Probably anyone reading this article already knows about the brutal tragedy, the surprise invasion of Israel by Hamas terrorists.
Of course, it is an event that will continue to unwind over time as Israel and the world responds.
The barbarity, cruelty and war crimes are no surprise to psychiatry. Freud discussed and wrote about our aggressive potential and even death wish. Of course, the Torah, Shakespeare and others also knew of our deadly potential. Jewish ethical principles are devoted to life, a moral life.
There is no question of the immediate psychological harm that includes the shock, the anxiety, the losses, the rage, the second-guessing, the harming hubris, and the uncertainty of the future. Nevertheless, the traumatic aspects are likely to be the most important to consider because they can emerge quickly, slowly, delayed, and counterintuitively. Moreover, when such trauma is caused by fellow humans, the psychological ramifications are worse than if by natural causes like earthquakes.
We all will have our own unique reactions. My wife and I have some paradoxical and unrealistic regret about funding the artistic painting of a bomb shelter for my 75th birthday. Security from bombs in a bomb shelter turned into a death trap from high-powered guns in some such shelters. Of course, we would do it again, but this reminds us of the law of unintended consequences.
My other direct connection was my sister and brother-in-law arriving in Israel the day before the attack for a wedding. The next day we contacted them holed up in a stairwell in Tel Aviv. Most fortunately, they were able to then get to the airport and a flight to London.
Like throwing a large rock into water, trauma always ripples out in its repercussions. The biggest impact is most likely in close exposure to trauma, such as in Israel and consequently in Gaza. Nevertheless, that depends on individual vulnerability and triggers to past traumas. Moreover, if far away, given our online connectivity, what we call secondary trauma will be common. We psychiatrists who treat a lot of patients suffering with PTSD always end up with some trauma reactions such as emotional numbness, startle responses, and nightmares.
Fortunately, there are ways to not only recover from such trauma, but to come out psychologically stronger, what we call post-traumatic growth and increased resilience. Needed to achieve that are 3 components.
The first is support from loved ones and others. Best for that is a unified community of support, for example the Community Solidarity Gathering for Israel held on Oct. 9, with comforting security.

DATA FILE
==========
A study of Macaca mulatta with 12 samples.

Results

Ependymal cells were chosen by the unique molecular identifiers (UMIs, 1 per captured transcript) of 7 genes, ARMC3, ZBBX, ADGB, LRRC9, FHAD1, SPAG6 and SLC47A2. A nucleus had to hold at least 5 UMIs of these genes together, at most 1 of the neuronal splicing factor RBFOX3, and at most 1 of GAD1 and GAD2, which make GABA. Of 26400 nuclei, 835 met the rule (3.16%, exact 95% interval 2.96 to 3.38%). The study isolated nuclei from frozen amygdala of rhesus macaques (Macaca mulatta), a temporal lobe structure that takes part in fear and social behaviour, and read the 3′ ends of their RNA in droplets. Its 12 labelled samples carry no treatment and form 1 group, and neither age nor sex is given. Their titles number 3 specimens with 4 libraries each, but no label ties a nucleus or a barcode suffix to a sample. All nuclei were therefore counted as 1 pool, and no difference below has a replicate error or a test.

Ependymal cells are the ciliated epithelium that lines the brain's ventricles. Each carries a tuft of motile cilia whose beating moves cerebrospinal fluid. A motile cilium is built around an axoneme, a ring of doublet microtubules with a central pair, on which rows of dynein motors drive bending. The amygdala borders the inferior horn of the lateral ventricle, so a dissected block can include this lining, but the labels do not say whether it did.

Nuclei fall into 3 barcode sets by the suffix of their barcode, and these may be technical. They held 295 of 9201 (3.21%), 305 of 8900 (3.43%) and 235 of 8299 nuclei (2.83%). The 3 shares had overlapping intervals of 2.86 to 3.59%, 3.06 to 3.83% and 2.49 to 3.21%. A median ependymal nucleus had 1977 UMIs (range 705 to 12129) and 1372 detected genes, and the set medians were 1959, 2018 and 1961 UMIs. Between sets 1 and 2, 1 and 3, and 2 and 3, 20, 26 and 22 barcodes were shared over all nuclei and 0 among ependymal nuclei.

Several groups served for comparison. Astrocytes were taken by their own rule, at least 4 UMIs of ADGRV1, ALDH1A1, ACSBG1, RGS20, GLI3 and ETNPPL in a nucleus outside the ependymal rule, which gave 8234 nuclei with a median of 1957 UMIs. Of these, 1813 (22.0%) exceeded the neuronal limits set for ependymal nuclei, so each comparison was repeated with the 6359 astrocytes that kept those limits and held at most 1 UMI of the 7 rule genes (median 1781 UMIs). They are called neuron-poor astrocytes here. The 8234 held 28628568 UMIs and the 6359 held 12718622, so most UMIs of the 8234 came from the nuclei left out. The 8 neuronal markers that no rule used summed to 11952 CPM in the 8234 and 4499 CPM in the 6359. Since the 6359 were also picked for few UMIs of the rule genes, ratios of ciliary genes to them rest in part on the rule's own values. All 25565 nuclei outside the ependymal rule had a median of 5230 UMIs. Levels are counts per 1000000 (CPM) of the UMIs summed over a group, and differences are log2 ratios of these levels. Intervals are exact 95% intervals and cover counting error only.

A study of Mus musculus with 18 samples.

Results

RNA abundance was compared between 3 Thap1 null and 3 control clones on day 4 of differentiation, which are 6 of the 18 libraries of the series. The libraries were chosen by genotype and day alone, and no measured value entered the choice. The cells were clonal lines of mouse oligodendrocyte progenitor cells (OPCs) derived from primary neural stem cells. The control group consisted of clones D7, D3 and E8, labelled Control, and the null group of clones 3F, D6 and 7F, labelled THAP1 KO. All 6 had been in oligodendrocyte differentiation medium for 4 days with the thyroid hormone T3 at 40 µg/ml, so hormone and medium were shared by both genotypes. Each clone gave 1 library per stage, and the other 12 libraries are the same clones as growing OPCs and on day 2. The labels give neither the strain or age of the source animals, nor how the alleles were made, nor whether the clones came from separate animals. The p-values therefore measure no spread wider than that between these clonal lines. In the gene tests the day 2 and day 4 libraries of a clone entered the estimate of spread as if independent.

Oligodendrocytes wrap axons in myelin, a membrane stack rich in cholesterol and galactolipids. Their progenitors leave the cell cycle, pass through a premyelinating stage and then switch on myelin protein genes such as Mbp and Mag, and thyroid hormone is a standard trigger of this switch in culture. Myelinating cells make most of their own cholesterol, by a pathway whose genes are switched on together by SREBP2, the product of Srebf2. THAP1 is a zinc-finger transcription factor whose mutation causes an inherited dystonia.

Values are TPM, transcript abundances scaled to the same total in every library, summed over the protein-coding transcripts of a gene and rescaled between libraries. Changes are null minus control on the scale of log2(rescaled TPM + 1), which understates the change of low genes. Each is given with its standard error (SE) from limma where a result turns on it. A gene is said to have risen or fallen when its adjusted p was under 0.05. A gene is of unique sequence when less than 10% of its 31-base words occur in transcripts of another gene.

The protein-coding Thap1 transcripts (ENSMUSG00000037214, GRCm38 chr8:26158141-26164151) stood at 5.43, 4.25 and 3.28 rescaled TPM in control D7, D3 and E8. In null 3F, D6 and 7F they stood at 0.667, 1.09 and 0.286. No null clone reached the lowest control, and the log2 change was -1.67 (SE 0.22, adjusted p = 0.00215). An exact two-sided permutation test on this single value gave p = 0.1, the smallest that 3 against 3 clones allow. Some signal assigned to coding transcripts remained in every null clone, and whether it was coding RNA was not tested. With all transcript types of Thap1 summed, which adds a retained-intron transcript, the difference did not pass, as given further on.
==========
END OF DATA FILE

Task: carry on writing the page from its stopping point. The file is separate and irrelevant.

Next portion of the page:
Second is the need to talk about one’s reactions rather than the natural tendency to want to forget the horror, but forgetting can come back to haunt you later. This necessity includes children who will inevitably hear about this tragedy. Talk to them about their reactions and provide realistic reassurance. Most important nowadays is support for students in college, where counter-protests supporting Palestinians and blaming Israel are already occurring. For the elderly, triggers to the Holocaust will be common and hence the need for them to be able to ventilate about their connection. For all of us, we have to prepare for another rise in antisemitism as Israel gets blamed for the event and their counter-invasion.
Third is a renewed vision of the future. We still have the unique co-occurrence of a still-strong Israel and a strong diaspora. However, collectively, whatever has been done to reduce antisemitism and anti-Zionism has been proven to be inadequate. Innovation and better understanding of the causes are necessary, if not reinvention in responding to antisemitism once again. Personally, each of us will want to do what we can to help the cause, whether that be financial, our professional expertise, political action, or just showing up with our comforting personal presence and compassion for the innocent anywhere. Helping others always brings personal satisfaction.
No one wants trauma to be able to get stronger, but once it happens, it is worth fighting for rather than staying in despair. Certainly, the Jewish people have proven repeatedly over history that we can bounce back stronger after we mourn and bewail the losses.